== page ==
What You Need to Know About Hourly Driver Pay
Truck drivers keep the country going and ensure the supply chain, the nation’s lifeblood, keeps flowing through dedicated loads, capacity management, and freight logistics. The truck driver hourly pay concept is a significant break from traditional shipping services and operations, as hourly payment setups are very common. According to Business Insider, “Only about one-fifth of drivers at U.S. ports operate as hourly employees, while most are independent contractors paid per load or mile — meaning they often receive the same pay regardless of how long they wait for outside ports or warehouses.” This highlights the need for a rethinking of how drivers are paid and how these vital service providers are compensated for their time and services.
Why Hourly Pay for Drivers Is in the News
Hourly driver pay has come to the forefront in many news and media outlets, thanks partly to the growing pressure and attention on the supply chain in general. As e-commerce shipping demands continue to rise and customers are looking for more personalized and specified shipping services, the need for reliable driver access is more important than ever. Driver shortages plague nearly every industry and market, contributing to tight capacity and feeding the growing backlogs and supply chain bottlenecks at ports, warehouses, airports, and distribution centers.
How Hourly Pay Could Benefit Drivers More Than Pay Per Mile
Hourly driver pay discussions are growing in frequency across many industrial markets. This trend is good as it focuses on driver compensation and improving day-to-day driving and working conditions. CDL driver hourly pay can help overcome supply chain trucking slowdowns in the following ways:
- Improves driver performance by rewarding efficient and timely deliveries.
- Demonstrates sincerity and understanding of the work that goes into driving.
- Allows drivers to benefit from going the extra mile for quality service to customers.
- Ensures drivers get fair pay for all the time they invest into a load, not just drive time.
- Pays for critical work such as vehicle inspection, loading and unloading, and more.
- CDL driver pay per hour covers drivers’ time at docks and in traffic as they are still working and on the clock.
- Boost morale and keep drivers interested and willing to work with shippers.
- Increases pay rates and can help compensate for fees and issues caused by delays.
- Issues beyond driver control- weather, traffic, backlogs- shouldn’t impact their pay.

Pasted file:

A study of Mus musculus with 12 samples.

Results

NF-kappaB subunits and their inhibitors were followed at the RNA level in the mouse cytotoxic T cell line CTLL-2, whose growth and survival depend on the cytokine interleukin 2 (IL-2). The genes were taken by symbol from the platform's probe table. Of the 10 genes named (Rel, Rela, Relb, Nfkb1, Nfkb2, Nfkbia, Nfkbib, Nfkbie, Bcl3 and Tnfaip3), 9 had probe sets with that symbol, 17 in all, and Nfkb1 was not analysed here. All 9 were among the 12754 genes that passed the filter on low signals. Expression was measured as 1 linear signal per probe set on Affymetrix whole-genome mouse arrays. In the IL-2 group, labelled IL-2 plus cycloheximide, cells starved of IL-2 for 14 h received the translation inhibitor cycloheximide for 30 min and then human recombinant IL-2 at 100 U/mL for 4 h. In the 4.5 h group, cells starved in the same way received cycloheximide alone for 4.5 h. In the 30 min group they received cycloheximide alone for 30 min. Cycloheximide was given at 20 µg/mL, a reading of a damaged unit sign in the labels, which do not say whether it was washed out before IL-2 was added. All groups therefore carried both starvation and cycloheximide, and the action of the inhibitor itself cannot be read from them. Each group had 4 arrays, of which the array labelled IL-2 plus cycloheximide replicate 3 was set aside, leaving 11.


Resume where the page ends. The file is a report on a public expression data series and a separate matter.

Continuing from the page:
- Greater opportunities to foster lasting relationships with carriers and brokers alike.
Is Hourly Driver Pay Going to Affect Owner Operators
A common point of confusion for shippers and drivers when discussing the hourly pay rate is how it may affect owner-operators. There will be little impact for those who own and operate their trucks and routes in most cases. As highlighted by OverDrive, “paying drivers by the hour has for years been found primarily in union jobs, as well as some non-union local and regional hauling. That pay model appears to be spreading, even to small, long-haul fleets.” Shifting to an hourly pay model can bring many benefits for drivers and can be much better overall than traditional pay per mile models. The focus on hourly driver pay is more about employee drivers for a carrier, 3PLs, and other freight terminal and shipping companies. Since this effectively locks the CDL truck driver salary per hour into a traditional employer-employee relationship, it also becomes easier for the carrier to manage available capacity, predict in-house transportation expenses, and better manage the fleet.
How Much Can Drivers Make Hourly Compared to Per Mile?
Drivers keep the nation going and keep supplies on shelves and freight loads moving. They deserve to be adequately compensated for all of their time — not just the miles they are actively driving day in and day out. That is why talk about hourly driver pay is gaining traction lately. The actual amount that drivers can earn above current per mile pay rates can vary greatly. But considering idle times, loading and unloading, vehicle inspections, refueling time, and dock and port wait now factoring into pay rates, it shows just how much earning potential there is during peak driver seasons and during other times as well.
Stay Ready for Hourly Pay Changes by Partnering With AMX Logistics
The push for hourly driver pay and a recalculating of standard freight rates comes on the heels of continued growth in demand for drivers who can handle a wide range of capacity loads. As highlighted by ZipRecruiter, “as of Feb 9, 2022, the average hourly pay for a Truck Driver in the United States is $24.48 an hour.” This hourly rate truck driver gains will likely increase as more companies move in their carrier and shipper relationships and begin implementing an hourly driver pay approach. Make sure your company is ready to make the change and contact AMX Logistics today.